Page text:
It’s funny how some people are so skeptical of science. I know this will not be true of most of my readers, and I’m truly happy about that. Most people I know are quite accepting of the findings of science: things like evolution, cosmology, climate change, and vaccinations. But some are not, and the great satirical piece, What Science is Up To, always gives me a laugh. Go on, watch it; you won’t regret it!
I’m currently reading the book Why does E=mc2? by Brian Cox and Jeff Forshaw, and today I enjoyed a wonderful passage that reminded me of just how beautiful science really is. The second last chapter of the book details the Standard Model of particle physics. After describing the various particles involved in the model, this is what the authors had to say about the famous Higgs boson:
There is a snag to this fantastic picture. No experiment has ever seen a Higgs particle. Every other particle in the Standard Model has been produced in experiments, so the Higgs really is the missing piece in the entire jigsaw. If it does exist as predicted, then the Standard Model will have triumphed again…
Just like all the other particle interactions, the Standard Model specifies exactly how the Higgs particle should manifest itself in experiments. The only thing it doesn’t tell us is how heavy it is, although it does predict that the Higgs mass should lie within a particular range now that we know the masses of the W particle and the top quark. LEP [the Large Electron Positron Collider] could have seen the Higgs if it had been at the lighter end of the predicted range, but since none were seen, we might presume it is too heavy to have been produced at LEP (remember that heavy particles need more energy to produce them, by virtue of E=mc2). At the time of writing, the Tevatron collider at the Fermi National Accelerator Laboratory (Fermilab) near Chicago is hunting for the Higgs, but again it has not to date seen a hint. It is again very possible that the Tevatron has insufficient energy to deliver a clear Higgs signal, although it is very much in the race. The LHC [the Large Hadron Collider] is the highest-energy machine ever built, and it really should settle the question of the Higgs’s existence once and for all because it has enough energy to reach well beyond the upper limits set by the Standard Model. In other words, the LHC will either confirm or break the Standard Model.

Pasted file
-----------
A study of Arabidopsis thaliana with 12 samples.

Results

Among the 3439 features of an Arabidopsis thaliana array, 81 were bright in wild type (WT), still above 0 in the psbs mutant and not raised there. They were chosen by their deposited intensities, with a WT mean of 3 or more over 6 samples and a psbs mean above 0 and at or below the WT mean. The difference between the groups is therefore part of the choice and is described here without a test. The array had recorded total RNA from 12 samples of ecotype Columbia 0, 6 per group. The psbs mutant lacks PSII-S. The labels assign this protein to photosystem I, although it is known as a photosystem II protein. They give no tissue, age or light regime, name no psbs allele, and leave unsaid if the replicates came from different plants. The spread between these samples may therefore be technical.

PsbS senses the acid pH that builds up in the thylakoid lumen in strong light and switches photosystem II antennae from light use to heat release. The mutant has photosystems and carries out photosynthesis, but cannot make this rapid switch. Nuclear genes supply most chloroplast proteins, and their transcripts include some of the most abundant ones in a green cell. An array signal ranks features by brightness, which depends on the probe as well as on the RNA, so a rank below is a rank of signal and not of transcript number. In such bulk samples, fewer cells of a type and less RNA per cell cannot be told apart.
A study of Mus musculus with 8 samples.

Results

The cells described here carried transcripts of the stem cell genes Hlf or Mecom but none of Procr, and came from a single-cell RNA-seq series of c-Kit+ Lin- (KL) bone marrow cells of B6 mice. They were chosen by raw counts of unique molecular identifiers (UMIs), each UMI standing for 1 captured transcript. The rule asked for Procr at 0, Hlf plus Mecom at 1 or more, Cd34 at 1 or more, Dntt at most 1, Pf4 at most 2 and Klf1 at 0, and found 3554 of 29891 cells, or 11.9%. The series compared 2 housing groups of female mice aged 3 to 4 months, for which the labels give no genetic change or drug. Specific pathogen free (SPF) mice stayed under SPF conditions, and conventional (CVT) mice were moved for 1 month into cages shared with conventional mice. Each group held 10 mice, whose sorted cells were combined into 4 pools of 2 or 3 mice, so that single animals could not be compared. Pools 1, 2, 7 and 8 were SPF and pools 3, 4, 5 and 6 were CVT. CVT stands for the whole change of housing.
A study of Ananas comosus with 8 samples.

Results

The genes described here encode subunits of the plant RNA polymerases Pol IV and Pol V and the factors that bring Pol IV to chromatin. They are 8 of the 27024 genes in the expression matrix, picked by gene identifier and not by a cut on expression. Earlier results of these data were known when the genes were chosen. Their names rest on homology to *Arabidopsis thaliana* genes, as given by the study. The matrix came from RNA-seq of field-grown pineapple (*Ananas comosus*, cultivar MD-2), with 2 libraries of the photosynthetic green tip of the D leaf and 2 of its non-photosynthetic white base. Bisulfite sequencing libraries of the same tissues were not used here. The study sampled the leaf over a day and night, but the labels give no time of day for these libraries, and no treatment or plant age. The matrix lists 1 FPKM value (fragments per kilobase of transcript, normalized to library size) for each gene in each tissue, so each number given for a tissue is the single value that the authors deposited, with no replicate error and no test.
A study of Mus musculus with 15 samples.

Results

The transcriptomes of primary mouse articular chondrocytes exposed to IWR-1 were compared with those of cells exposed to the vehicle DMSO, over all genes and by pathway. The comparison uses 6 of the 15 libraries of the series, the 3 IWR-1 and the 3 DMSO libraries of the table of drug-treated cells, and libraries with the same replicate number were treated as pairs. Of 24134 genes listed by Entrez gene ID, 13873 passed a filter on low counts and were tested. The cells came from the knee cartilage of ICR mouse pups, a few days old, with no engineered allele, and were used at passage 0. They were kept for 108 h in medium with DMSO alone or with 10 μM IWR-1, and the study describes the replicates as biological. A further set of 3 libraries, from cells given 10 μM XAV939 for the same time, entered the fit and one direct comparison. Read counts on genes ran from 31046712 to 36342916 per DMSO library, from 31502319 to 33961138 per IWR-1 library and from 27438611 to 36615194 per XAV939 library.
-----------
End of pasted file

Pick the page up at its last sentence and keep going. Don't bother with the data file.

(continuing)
Why does E=mc2? Brian Cox and Jeff Forshaw. Da Capo Press. pp212–213. (Emphasis mine.)
The modern reader will no doubt know about the July 2012 discovery of the Higgs boson. But the E=mc2 book was published in 2009, a few years before the vindicating discovery was made. The authors displayed no trace of faith in the existence of the Higgs boson, and nor did they ask their readers to trust them or any other authority as to its existence. They simply explained what the theory predicted, and described some experiments that would make or break this prediction. They were completely willing to abandon or modify the theory if the experiment had not gone according to expectations. This is how science works, and it’s truly beautiful to see it in action!